Though the final score said otherwise, the Michigan women’s basketball team didn’t feel like it walked away with a loss Saturday to Iowa.

In its last home game of the season, the Wolverines (8-7 Big Ten, 17-11 overall) played strong in both halves and shot 50.8 percent, matching its best shooting performance in conference play.

“We knew it was going to be a tough matchup for us, but it went back and forth,” said Michigan coach Kim Barnes Arico. “We came out ready to play.”

And for the second time in as many games, junior guard Shannon Smith led the way.

Smith started the season as the team’s only viable offensive option, but the growth and emergence of junior forward Cyesha Goree and freshman guard Siera Thompson has often put Smith in the backseat of the scoring action.

In Michigan’s last two games, though, Smith has put up 38 total points. But in the game before that, though, she was held to just five.

“That’s what we’ve talked to Shannon about, you have to be more consistent,” Barnes Arico said.

Smith’s inconsistency is attributed to the fact that the opposing team’s best defender hovers between her and Thompson. When one isn’t in an offensive rhythm, the other faces the best defenders.

“When you put numbers up like that, you’re facing the opponents’ best defender night in and night out,” Barnes Arico said. “They’re trying to be physical with you and they’re trying to bang you around. Shannon’s really thin and tiny, and she had to get accustomed to that, and she had to learn to adjust to that.

“And against Indiana and Iowa she did.”

DOMINATING THE MIDDLE: Senior center Val Driscoll has been an unexpected force in the middle this season. Last year, Driscoll sat out the entire campaign with a torn anterior cruciate ligament. But after months of recovery, she has stormed back to make the most of her last season as a Wolverine.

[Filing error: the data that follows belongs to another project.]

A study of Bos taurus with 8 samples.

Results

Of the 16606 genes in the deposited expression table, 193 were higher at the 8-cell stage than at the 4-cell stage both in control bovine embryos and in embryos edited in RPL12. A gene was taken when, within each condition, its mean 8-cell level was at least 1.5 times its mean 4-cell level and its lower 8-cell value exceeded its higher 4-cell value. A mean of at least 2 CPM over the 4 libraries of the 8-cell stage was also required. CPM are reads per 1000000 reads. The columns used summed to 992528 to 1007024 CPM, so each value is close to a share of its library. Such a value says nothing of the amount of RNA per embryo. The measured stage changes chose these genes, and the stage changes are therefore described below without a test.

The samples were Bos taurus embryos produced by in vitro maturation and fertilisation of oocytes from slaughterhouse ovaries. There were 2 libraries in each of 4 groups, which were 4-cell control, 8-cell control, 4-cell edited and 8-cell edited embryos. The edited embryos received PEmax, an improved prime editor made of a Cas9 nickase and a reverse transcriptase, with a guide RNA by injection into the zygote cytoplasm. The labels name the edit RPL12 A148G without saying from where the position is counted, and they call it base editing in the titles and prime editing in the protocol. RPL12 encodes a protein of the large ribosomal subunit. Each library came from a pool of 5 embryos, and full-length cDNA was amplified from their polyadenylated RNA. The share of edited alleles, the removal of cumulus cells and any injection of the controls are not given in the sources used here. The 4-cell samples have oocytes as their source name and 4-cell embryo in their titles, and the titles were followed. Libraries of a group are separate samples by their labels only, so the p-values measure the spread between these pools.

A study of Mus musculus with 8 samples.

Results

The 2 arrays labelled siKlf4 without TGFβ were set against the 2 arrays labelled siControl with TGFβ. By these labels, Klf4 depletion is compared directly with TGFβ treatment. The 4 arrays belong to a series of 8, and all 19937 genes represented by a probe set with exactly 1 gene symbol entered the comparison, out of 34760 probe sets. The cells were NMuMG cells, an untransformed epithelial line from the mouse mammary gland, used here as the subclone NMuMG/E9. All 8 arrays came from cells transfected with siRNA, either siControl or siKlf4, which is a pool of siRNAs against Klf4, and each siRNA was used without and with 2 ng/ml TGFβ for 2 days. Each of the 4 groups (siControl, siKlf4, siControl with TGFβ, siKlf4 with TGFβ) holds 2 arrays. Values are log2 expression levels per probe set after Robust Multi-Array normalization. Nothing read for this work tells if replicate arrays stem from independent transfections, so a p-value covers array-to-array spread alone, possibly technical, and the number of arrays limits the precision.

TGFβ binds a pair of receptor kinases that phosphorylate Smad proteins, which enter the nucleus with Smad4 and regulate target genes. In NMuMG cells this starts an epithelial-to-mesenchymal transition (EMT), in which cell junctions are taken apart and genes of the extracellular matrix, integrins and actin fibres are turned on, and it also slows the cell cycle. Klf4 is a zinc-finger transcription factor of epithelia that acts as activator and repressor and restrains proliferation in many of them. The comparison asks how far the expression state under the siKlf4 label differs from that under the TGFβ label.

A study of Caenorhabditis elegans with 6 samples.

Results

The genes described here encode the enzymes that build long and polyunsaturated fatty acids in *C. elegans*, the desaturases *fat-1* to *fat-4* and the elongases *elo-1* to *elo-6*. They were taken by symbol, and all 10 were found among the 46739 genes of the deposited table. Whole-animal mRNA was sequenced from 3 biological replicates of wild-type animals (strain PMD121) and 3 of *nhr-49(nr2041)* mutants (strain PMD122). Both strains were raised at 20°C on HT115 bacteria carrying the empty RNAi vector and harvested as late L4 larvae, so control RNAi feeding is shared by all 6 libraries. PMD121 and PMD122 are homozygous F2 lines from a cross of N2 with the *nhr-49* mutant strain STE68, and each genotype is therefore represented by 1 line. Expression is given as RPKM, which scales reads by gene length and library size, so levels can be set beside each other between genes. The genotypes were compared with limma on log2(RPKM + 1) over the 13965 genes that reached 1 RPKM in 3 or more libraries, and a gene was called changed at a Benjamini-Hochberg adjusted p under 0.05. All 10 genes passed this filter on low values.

With Michigan in need of height in its starting lineup, Driscoll’s 6-foot-4 frame was a welcomed option. Now a consistent starter, Driscoll averages six rebounds and just over two blocks per game. The center is tied for seventh in program history on the single-season block list.

Driscoll has been a big reason why the Wolverines have outrebounded their opponents in 24 of 28 games. Against the Hawkeyes, Driscoll posted a career-high 18 points.

“(Against Iowa) we wanted to take advantage of our size inside, and our kids did a great job of really looking inside, of attacking the high-low, of getting Val or Cyesha touches,” Barnes Arico said. “It’s so great for a coach to see a young lady develop like she has, and see her have such a special night in front of her parents and her family and her team.”

PEEKING AHEAD: Michigan is in the middle of a week-long break between games, giving it some much needed rest. But Saturday, the Wolverines have a tough road test in No. 8 Penn State.

“It’s the first time since the first week of the season that we’ve had a bye week, so it gives our kids a chance to rest their legs, to get rejuvenated, to get back in the gym and get their shooting touch back,” Barned Arico said. “So I’m excited for this week and excited to head to Penn State on Saturday.”

In the Big Ten Tournament just a few days later, Michigan will likely open against Wisconsin in the first round, a team it beat twice this season — most recently Jan. 26 by 16.

But afterward, they could meet Nebraska or Michigan State, teams against which the Wolverines are winless this season. If Michigan can pull off the kind of fight it did against Iowa, though, it has a chance to shake up the conference tournament.